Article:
Why we name the shooters

A bullet casing is marked at the scene of a deadly shooting at Umpqua Community College.

"I don't want to glorify the shooter," Douglass County Sheriff John Hanlin told CNN Friday morning. "I don't want to glorify his name. I don't want to glorify his cause. In order to prevent that I'm refusing to say his name."

Michael Daly of the Daily Beast punchily refined this argument in a Friday column, arguing that the news media should "forget the zero and remember the hero," by focusing on the shooting victims and those who fought back, not the coward who took their lives in what may have been a pathetic grasp at glory.


While these arguments are clearly well-meaning, designed to protect fragile families from further pain, elevate true heroism and dispense a kind of karmic justice to fame-seeking murderers, they're also deeply misguided, and for journalists, especially pernicious abdications of our most important functions.

Chris Harper Mercer will never enjoy the "limelight." He will not be famous, in any meaningful sense, now or ever. He is dead. Never to draw another breath, let alone read his name in the headlines or see his picture on TV.

In a morbid irony, the sheer number of mass shootings in the United States - by one count 294 so far this year - make the kind of fame Mercer may have sought impossible.

The vast majority of Americans won't remember the name of the gunman in the 2014 Isla Vista killings, whose explanatory videos filled TV screens for days, or the name of the man who shot Congresswoman Gabrielle Giffords in Arizona. In a more recent example, the shooter who killed three people and injured nine in a Louisiana movie theater in July remains anonymous to almost everyone without direct connection to that crime. They are three among hundreds.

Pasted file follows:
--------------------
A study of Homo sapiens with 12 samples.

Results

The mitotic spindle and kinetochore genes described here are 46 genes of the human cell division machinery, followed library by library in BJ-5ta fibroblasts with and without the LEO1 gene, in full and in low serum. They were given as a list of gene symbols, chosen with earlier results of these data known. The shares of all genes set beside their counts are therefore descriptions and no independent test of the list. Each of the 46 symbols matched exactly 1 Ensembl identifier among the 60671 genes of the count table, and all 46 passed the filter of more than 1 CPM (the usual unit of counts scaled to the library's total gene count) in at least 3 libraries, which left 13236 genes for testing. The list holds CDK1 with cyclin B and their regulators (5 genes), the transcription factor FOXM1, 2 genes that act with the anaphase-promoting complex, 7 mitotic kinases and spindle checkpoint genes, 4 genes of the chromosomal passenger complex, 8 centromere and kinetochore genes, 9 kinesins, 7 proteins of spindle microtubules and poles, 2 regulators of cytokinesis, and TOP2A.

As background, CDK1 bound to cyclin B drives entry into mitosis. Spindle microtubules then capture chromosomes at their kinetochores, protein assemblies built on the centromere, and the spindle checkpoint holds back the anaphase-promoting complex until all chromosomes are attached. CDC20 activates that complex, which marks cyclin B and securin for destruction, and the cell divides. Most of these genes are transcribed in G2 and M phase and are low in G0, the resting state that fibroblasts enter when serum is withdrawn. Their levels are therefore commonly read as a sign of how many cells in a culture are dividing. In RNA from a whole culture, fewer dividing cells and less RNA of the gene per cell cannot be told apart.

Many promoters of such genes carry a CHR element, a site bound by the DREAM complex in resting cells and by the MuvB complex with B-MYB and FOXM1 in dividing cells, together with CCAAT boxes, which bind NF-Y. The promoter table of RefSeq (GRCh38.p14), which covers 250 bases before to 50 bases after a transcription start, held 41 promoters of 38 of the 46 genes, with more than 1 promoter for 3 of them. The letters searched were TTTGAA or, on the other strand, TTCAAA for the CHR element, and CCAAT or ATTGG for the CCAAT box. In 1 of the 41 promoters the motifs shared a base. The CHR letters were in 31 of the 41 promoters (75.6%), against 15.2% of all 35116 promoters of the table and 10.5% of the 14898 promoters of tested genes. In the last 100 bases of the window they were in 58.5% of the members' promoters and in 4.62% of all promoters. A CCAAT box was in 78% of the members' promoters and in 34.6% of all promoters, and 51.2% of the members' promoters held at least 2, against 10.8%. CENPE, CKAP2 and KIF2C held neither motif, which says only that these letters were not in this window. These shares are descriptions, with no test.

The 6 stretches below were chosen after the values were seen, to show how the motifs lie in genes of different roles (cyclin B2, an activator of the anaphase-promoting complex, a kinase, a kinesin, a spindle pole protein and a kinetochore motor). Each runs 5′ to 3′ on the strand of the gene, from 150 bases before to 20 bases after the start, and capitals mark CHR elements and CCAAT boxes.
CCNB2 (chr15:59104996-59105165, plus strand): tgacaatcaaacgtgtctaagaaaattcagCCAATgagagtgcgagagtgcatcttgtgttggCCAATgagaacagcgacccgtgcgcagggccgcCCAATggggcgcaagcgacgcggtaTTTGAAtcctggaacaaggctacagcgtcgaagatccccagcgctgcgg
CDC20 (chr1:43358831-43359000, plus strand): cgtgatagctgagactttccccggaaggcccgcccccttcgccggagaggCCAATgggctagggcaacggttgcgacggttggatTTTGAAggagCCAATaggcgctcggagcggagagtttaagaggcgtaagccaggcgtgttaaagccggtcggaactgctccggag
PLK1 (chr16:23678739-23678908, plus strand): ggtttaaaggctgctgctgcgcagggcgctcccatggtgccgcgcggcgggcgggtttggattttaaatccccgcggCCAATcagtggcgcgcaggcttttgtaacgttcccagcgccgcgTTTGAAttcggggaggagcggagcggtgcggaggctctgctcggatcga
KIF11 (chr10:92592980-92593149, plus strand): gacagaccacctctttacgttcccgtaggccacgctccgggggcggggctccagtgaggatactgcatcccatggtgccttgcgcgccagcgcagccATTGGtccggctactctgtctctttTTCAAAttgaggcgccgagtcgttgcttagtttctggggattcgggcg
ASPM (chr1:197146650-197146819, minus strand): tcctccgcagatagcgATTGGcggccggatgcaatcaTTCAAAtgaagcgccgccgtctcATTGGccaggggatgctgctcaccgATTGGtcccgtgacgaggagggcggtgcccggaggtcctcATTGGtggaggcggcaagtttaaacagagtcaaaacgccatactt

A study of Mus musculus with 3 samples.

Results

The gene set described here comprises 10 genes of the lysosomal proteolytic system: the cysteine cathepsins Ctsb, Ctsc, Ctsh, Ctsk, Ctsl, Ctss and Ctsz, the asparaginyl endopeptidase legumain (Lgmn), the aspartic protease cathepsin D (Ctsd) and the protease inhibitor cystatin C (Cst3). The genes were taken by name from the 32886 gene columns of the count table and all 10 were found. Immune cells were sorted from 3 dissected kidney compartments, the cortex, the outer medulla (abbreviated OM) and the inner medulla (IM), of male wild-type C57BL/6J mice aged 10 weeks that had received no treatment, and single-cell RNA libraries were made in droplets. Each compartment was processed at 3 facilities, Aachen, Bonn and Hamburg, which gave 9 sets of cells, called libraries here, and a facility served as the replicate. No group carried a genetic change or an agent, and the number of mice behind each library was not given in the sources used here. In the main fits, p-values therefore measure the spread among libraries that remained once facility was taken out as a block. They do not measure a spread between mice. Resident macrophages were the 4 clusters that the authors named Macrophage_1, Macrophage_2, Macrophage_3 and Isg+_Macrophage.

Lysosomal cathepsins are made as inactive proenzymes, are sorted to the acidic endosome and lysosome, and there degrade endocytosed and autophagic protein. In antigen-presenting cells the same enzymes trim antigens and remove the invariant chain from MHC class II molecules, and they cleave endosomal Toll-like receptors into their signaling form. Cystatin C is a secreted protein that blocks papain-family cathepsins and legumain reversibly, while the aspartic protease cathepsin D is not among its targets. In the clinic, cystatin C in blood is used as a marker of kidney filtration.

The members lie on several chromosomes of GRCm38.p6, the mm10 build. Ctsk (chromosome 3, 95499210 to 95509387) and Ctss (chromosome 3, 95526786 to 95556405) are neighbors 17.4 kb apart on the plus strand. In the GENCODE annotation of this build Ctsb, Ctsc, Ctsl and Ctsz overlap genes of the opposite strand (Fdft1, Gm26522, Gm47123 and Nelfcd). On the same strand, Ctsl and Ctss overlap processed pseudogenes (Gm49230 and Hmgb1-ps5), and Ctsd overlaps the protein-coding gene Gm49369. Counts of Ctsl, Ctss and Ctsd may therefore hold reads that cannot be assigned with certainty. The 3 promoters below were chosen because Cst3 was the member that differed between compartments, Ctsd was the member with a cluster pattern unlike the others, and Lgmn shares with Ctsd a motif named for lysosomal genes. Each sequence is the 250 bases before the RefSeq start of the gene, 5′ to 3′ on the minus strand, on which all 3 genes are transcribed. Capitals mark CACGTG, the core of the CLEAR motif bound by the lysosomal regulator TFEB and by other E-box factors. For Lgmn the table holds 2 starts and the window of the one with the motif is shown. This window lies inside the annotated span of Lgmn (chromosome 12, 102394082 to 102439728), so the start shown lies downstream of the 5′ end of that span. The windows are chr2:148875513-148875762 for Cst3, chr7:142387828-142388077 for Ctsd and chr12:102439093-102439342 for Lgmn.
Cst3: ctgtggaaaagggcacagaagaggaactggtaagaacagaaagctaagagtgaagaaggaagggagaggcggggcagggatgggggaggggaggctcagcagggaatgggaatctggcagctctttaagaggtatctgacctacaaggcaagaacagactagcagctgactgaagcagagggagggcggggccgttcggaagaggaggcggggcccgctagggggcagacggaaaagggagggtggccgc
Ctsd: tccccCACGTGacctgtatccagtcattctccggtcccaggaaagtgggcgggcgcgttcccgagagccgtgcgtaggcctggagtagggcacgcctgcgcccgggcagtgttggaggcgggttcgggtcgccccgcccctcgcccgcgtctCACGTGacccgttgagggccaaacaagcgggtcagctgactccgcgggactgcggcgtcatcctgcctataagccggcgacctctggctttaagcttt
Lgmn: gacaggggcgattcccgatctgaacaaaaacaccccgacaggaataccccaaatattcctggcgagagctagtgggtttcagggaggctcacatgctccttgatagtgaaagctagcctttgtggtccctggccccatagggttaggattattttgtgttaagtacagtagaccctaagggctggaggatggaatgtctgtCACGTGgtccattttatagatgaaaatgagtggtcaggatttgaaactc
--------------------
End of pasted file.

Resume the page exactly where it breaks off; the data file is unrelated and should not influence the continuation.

By choosing not to name mass killers, journalists abdicate responsibility for asking and answering deeper questions about why an event took place, and what could have been done to stop it. Was the killer mentally ill? How did he (for the killers are nearly always men) acquire a weapon? Why did he target who he targeted? Who knew about the plot and what steps, if any, did they take to stop it? What signs were missed?

After the Sandy Hook shootings, reporters who dug into Adam Lanza's past generated important discussions about mental health treatment, and launched a national debate about gun control.

When Dylann Roof massacred nine people in a Charleston Church this summer, knowledge of who he was and what his motives were spawned a backlash against racist symbols still rippling across the country.

Reporting on tragedy is a painful, ugly business. But facts matter to an informed debate. When law enforcement fails to provide the facts, or journalists fail to report them, we cheat ourselves out of the hard debates and discussions that should follow such appalling violence.

Reporting on heroes and victims is critically important too. It humanizes unfathomable numbers; and can show us the best of what people can be and do in horrifying circumstance.

But by burying the names and motives of the killers, we only insure there will always be more heroes and more victims. We do nothing to stop the violence.

That is why we must continue to name, and investigate, the shooters.

You can follow Garrett on Twitter @GarrettHaake.